This used to be the province of the Blue Jays. However, this year, the Yankees have taken over as the king of the waiver wire. Since the end of March, they’ve grabbed all of the following off waivers:
March 28 – C Craig Tatum
April 5 – RHP Cody Eppley
May 12 – LHP Justin Thomas
May 17 – 2B Matt Antonelli
May 29 – RHP Ryota Igarashi
June 26 – RHP Danny Farquhar
June 29 – RHP Chris Schwinden
Of the six players picked up prior to today, only Eppley and Igarashi remain on the 40-man roster. Farquhar, who was picked up from the A’s on Tuesday, was dropped today to open up a spot for Schwinder. For Schwinden, it’s the third time he’s been claimed he’s been claimed off waivers in a month: he went from the Mets to the Blue Jays on June 2 and then to the Indians four days later.
Still, regardless of what happens with the rest of these guys, the Yankees have already gotten their money’s worth for the group with Eppley, who has a 2.89 ERA in 18 2/3 innings to date. That’s because the waiver price remains $25,000, just as it has been for decades, providing no disincentive for teams engaging in this kind of behavior. I’ve always thought it odd that more teams don’t keep a 40-man roster spot “open” for these purposes. A team can simply claim a player and immediately drop him from the 40-man; if he gets picked up by someone else, the team still hasn’t lost anything. If he doesn’t, it’s pretty much a free player.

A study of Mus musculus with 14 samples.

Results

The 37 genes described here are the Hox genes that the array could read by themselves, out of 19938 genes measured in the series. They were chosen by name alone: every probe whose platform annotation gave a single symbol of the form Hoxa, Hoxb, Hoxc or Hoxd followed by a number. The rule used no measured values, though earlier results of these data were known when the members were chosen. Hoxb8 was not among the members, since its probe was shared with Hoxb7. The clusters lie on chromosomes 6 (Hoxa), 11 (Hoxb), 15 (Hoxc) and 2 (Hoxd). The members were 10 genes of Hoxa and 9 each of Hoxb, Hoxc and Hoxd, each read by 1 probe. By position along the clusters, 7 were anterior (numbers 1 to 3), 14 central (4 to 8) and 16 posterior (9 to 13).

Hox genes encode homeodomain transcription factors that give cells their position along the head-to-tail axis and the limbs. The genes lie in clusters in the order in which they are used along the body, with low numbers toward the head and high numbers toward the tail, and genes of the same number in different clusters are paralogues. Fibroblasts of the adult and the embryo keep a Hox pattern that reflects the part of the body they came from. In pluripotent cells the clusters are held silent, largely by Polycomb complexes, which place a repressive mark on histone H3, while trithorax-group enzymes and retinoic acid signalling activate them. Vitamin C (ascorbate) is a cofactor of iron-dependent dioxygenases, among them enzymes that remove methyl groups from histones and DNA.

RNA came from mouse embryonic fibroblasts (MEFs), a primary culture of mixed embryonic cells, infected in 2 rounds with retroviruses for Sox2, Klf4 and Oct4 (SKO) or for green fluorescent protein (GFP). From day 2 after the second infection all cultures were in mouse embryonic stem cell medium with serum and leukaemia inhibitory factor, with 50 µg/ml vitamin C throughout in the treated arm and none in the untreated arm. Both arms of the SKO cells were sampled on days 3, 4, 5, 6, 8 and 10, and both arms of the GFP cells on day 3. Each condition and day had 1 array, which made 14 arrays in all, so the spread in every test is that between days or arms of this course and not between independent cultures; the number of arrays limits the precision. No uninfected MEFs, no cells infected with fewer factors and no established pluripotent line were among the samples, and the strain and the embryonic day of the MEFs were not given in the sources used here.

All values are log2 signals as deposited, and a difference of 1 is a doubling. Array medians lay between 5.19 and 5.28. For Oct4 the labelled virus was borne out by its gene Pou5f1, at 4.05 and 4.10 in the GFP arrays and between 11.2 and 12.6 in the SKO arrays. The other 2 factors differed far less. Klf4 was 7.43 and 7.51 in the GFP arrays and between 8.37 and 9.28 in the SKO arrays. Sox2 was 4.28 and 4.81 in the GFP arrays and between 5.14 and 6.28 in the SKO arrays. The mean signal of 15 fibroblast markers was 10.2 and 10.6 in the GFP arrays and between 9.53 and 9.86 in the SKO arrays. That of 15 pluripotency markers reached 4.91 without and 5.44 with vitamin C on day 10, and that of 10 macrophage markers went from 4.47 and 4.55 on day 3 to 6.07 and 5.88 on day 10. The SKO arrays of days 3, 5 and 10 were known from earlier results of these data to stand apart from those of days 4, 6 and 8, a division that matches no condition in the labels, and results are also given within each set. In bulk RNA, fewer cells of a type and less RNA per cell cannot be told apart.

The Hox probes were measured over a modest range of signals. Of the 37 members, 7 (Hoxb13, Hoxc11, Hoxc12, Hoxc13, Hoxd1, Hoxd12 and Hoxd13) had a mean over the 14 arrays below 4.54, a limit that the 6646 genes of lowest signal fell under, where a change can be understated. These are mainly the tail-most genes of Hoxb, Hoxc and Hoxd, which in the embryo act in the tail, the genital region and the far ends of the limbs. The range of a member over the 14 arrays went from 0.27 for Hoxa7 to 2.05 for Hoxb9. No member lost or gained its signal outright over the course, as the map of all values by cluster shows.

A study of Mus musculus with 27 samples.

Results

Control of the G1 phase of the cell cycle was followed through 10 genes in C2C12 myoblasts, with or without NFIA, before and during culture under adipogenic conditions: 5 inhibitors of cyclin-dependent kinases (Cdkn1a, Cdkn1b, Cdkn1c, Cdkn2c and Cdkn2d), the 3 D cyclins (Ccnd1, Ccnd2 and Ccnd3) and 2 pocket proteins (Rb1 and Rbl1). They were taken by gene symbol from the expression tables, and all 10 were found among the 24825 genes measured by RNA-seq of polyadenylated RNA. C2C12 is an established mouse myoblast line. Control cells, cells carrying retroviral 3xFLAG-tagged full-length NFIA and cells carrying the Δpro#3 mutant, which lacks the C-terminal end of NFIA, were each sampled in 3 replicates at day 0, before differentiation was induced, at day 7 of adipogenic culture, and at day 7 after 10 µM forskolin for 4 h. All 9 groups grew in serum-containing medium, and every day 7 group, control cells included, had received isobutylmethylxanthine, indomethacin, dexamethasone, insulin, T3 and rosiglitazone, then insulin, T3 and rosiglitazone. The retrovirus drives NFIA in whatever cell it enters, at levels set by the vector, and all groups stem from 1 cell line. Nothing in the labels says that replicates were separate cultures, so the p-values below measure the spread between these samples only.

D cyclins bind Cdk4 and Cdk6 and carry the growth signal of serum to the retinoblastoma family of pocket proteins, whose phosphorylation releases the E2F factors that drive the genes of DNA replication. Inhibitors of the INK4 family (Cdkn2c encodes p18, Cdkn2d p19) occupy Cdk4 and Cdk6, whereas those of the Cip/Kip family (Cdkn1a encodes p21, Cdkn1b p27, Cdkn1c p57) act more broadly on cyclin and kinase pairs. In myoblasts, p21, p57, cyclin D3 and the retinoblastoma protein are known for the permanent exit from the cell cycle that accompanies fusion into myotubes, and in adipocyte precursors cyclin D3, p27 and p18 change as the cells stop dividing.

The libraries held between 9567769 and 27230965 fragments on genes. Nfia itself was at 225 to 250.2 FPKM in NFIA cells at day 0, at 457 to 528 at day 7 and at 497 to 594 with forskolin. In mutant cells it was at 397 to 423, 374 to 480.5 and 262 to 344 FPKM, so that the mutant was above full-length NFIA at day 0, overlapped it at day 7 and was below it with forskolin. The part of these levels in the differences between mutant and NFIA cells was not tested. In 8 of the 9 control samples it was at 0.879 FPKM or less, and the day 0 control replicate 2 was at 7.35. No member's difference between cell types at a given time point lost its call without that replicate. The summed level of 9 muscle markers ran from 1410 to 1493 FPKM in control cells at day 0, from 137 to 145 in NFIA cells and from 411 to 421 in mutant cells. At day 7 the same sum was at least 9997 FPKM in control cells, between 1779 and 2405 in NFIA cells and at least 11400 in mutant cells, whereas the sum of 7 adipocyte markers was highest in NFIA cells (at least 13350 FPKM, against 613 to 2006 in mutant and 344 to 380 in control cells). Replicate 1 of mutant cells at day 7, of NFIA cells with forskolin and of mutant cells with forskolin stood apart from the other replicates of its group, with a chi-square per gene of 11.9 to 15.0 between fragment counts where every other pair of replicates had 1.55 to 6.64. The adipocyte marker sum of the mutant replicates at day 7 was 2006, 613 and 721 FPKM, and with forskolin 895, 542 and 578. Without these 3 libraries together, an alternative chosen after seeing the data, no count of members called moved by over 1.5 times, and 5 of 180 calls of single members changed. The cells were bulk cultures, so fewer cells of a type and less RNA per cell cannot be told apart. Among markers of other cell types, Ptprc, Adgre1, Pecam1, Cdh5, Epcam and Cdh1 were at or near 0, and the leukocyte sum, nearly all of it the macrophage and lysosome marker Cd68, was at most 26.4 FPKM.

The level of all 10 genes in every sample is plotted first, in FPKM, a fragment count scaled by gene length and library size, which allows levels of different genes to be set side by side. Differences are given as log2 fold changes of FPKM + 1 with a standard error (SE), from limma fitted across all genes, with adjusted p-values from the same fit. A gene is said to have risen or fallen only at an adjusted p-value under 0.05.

Sam Miller of ESPN has an amazingly fantastic story today. It’s about a high school tournament baseball game in Rhode Island in 2006. It’s not your typical game story or oral history or look-to-the-past-to-see-the-future kind of thing. The only nod to such conventionality is mention of the fact that former Red Sox prospect Ryan Westmoreland played in the game. That’s mostly a footnote.
No, the article is about a trick play — “skunk in the outfield” — concocted by one of the coaches. About how it played out and what went into it before, during and after it happened. Along the way Miller talks about the nature of trick plays and offers a good three dozen amazing insights into the psychology of young baseball players and the strategy of baseball as it unfolds in real time.
Each of these observations could anchor its own story but here they form a grand mosaic. And that’s only mild hyperbole, if in fact it’s hyperbole at all. Indeed, most treatments of such a play would be some video clip with a “wow, look what happened here!” sort of couching. Miller gives a more than ten-year-old trick play an epic treatment that is every bit as enlightening as it is entertaining.
Set some time aside to read this today.
This is unfortunate: Diamondbacks reliever Rubby De La Rosa will undergo Tommy John surgery. This will be the second Tommy John procedure of his career, the first coming back in 2011.
De La Rosa has had elbow issues for his entire career. Last year his UCL was barking again and he underwent stem cell therapy to try to avoid a second surgery, but it obviously hasn’t worked out. He’s pitched in only nine games this year, allowing four earned runs in seven and two-thirds innings, striking out 12.
I first saw De La Rosa in spring training in 2011. I thought his stuff was pretty phenomenal and figured he’d be a good one. Great stuff is often a function of heavy strain on an elbow, however, and pitchers breaking is, unfortunately, the rule in baseball far more than the exception.
He’ll miss a year at least. We likely won’t see him until spring of 2019, most likely on a minor league deal.